Jasiuk combines biology with new mechanical technologies

1/27/2022

Lexi Larson

Iwona JasiukWhere you start working is often not where you end up, as is the case for MechSE Professor Iwona Jasiuk.

From working with automotive and aeronautical materials, Jasiuk’s curiosity about biological materials as part of the human body took over. Her research aims to impact healthcare by studying both healthy and diseased biological tissues. In parallel, she is exploring the capabilities of lightweight structural materials for various applications.

“Bones, as a structurally important material for every living animal, intrigued me,” she said.

Studying materials found in nature, Jasiuk uses bioinspired design to develop new architectured materials and structures. The materials include lattices with triply periodic minimal surfaces. Such arrangements can be found in biological membranes and butterfly wing scales.

“These materials have smooth surfaces with no sharp corners, which minimizes stress concentrations and increases materials’ load-bearing capacity,” Jasiuk said.

After designing the materials, they are manufactured using 3D printing and tested under static and dynamic loads. These cellular materials and structures can be used as scaffolds for bone regeneration or body protection in helmets or armors. There are also many technological applications for these lightweight materials.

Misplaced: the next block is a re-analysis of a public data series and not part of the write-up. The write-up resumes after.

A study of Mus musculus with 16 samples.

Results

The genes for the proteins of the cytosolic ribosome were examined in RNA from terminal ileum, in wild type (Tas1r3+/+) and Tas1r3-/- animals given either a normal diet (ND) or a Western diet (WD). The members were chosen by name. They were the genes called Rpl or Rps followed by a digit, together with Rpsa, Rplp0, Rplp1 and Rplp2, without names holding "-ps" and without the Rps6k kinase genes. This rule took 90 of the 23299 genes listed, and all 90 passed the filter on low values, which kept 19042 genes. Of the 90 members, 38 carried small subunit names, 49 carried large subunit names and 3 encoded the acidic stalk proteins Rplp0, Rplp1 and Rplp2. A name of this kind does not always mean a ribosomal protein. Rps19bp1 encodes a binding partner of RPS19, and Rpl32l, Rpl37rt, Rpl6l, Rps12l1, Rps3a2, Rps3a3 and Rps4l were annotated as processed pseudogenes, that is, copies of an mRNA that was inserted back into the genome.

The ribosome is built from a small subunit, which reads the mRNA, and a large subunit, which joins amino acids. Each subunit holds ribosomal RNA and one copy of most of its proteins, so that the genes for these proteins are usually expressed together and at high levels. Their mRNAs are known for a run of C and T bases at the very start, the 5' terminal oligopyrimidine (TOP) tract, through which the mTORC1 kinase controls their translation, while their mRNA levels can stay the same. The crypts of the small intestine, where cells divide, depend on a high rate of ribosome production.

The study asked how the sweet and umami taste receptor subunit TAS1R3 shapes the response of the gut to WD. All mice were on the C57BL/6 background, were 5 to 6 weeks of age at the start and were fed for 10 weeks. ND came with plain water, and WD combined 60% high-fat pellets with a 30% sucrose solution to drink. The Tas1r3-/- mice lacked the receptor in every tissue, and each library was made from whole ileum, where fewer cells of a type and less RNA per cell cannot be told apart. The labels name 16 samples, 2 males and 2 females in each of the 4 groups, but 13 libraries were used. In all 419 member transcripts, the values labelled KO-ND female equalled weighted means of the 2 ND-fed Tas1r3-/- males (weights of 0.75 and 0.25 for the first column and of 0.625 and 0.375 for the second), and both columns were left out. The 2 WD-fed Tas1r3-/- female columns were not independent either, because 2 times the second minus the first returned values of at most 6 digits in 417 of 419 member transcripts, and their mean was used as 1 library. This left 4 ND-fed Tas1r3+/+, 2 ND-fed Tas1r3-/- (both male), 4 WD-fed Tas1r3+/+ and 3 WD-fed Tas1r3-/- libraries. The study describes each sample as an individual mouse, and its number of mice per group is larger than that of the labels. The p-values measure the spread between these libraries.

Last year, Jasiuk was appointed a Health Innovation Professor in the Carle Illinois College of Medicine. This role, combined with her mechanical engineering research, gives Jasiuk the space and tools to follow her interests.

Her research related to the College of Medicine is in orthopedics, where she addresses the topics of mechanics of bone and design of bioinspired materials. The focus is on bones’ strength and how they fracture. She aims to determine a more accurate process of predicting bone health—an area of high clinical interest. This knowledge can guide treatments and could prevent bone breaks.

She investigates bones’ structure, composition, and mechanical properties related to health and disease and as a function of age. She aims to create experimentally based computational tools to predict osteoporosis and other bone diseases.

Alongside this research, Jasiuk is looking into the use of the reference point indentation technique, which allows the direct measurement of mechanical properties of the bone and relates them to the risk of bone fracture.

Jasiuk has been part of the College of Medicine—the first medical school in the country to combine medicine and engineering—from the beginning, working as an Engineering Director for the Women’s Health course, serving on several committees, and reviewing student applications. Currently, she serves as a chair for one committee and as the Engineering Partner in Pediatrics in the college’s IDEA course.

Jasiuk also holds faculty affiliate positions in several other departments, including Aerospace Engineering, Bioengineering, and Civil and Environmental Engineering, while also active in several research centers at Illinois. These interdisciplinary connections allow her to pursue materials research broadly.